The National Congress of American Indians (NCAI) will be hosting two events surrounding the 2013 White House Tribal Nations Conference that will be held on November 13.
According to NCAI the conference allows tribal leaders from across Indian country to interact with Native and non-Natives allies in discussions on a wide variety of policies facing the original inhabitants of Turtle Island.
The events started this afternoon with a Tribal Leaders Preparatory Meeting that were not open to the press. The meeting was followed by the release of a new report by the Indian Law and Order Commission entitled “Strengthening Justice for Native America: A Roadmap.” The ILOC is a national advisory board to the President Barack Obama and Congress on criminal justice issues created by the Tribal Law and Order Act according an NCAI release.
The goal of the commission as cited in the report is “to end the public safety gap – the legacy of failed Federal laws and policies – that makes Native American and Alaska Native communities frequently less safe, and often dramatically more dangerous, then the rest of our country.”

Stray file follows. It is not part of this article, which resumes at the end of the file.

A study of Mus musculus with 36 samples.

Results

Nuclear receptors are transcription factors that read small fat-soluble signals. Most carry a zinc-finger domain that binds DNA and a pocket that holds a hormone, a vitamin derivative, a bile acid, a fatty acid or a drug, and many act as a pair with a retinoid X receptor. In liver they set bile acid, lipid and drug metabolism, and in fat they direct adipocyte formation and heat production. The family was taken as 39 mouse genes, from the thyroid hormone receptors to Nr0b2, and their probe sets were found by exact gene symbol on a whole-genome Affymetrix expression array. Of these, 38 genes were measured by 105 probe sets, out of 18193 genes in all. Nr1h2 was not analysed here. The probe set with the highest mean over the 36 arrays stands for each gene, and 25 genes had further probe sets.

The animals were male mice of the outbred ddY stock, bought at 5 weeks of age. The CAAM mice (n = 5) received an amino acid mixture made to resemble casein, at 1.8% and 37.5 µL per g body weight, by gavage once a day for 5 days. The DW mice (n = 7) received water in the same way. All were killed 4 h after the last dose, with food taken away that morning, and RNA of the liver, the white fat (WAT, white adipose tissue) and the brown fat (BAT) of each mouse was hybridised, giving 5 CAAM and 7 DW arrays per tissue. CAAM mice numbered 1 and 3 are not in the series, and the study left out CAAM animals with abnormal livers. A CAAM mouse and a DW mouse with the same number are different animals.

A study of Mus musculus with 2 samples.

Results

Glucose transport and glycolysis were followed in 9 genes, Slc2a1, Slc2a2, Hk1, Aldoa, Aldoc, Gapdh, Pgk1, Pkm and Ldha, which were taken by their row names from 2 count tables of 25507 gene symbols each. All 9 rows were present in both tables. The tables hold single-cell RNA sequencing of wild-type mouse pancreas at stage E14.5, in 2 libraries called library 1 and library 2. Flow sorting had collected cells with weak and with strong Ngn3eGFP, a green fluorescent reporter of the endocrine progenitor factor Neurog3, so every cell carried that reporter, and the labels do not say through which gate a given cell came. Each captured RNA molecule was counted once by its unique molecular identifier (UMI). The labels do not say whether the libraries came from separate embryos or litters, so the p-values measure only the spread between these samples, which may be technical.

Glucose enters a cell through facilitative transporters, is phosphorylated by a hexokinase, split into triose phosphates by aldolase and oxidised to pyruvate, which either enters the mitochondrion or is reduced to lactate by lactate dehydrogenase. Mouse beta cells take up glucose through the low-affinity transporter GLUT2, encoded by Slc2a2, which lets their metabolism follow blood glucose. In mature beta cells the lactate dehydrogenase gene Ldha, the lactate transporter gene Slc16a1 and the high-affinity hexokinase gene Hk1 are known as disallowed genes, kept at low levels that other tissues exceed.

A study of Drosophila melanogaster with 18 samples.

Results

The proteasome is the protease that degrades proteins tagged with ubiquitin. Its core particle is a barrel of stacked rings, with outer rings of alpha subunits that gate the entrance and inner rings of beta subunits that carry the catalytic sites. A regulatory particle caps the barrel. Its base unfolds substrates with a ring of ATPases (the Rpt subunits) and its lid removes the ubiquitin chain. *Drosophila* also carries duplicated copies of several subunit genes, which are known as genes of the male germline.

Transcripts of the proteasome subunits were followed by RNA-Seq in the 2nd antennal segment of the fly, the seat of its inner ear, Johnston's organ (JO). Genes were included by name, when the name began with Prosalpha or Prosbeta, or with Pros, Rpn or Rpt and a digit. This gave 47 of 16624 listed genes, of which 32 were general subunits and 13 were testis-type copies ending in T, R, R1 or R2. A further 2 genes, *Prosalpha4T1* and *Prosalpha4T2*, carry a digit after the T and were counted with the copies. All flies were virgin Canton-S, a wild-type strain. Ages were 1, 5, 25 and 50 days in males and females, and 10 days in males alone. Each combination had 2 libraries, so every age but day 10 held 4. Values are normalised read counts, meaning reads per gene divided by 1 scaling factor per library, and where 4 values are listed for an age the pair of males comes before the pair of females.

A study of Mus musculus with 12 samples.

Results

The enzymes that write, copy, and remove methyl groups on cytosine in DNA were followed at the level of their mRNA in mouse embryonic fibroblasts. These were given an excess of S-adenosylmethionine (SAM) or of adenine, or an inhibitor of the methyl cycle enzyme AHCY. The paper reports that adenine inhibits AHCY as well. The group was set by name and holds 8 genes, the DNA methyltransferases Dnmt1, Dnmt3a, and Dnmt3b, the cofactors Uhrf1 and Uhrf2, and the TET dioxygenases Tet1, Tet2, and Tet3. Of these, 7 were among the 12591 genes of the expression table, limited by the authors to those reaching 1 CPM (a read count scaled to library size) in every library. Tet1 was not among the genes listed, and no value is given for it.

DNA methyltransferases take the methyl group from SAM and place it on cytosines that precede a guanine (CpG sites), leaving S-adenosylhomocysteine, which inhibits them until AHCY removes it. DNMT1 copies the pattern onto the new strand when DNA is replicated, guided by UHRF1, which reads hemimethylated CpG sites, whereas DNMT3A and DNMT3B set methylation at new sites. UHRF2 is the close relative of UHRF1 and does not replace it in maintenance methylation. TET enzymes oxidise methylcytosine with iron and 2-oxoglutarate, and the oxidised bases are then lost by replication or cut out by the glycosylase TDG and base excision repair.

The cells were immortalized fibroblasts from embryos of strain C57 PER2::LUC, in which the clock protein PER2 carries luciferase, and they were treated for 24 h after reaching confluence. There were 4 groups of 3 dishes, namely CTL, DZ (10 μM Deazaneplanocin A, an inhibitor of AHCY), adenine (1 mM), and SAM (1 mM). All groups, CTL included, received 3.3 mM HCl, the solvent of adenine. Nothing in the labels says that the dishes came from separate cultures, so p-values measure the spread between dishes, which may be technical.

“American Indian and Alaska Native communities and lands are often more dangerous than the rest of our country, and outmoded federal laws and policies are largely to blame,” stated Commission Chairman Troy Eid.
Within the report were recommendations on specific legal and policy including these jurisdictional reforms:
-- Give tribes freedom to exit the Federal criminal justice system entirely, except for laws of general application, and guarantee that same freedom to tribes in P.L. 83-280 States.
-- Ensure a direct appeal from tribal court to new Federal court – the U.S. Court of Indian Appeals – for all criminal defendants for alleged Federal Constitution rights violations.
-- Apply the Federal Speedy Tribal Act, 18 U.S.C. Section 3161, to all tribal court criminal proceedings.
-- Amend the Indian Civil Rights Act to permit tribal governments to define their own criminal laws and sentences.
Later tonight, NCAI will be holding a Grant Award Ceremony at 8:30 p.m. where Turkish Ambassador to the United States Namik Tan will mark the first development grant awarded to tribal nations. The grant, which is the first by the Turkish Agency for Cooperation and Coordination, will benefit the Confederated Tribes of Warm Springs Reservation in Oregon. The funds will be used to construct a water tank for the reservation’s elementary school project. This is the TACC’s first grant within the United States and speaks to the growing ties between Turkey and Indian country according to the NCAI release.
The final event of the week hosted by NCAI will be on Thursday, November 14 from 9 a.m. to 5 p.m. where Native and non-Native political figures will participate in a Violence Against Women Government-to-Government Consultation.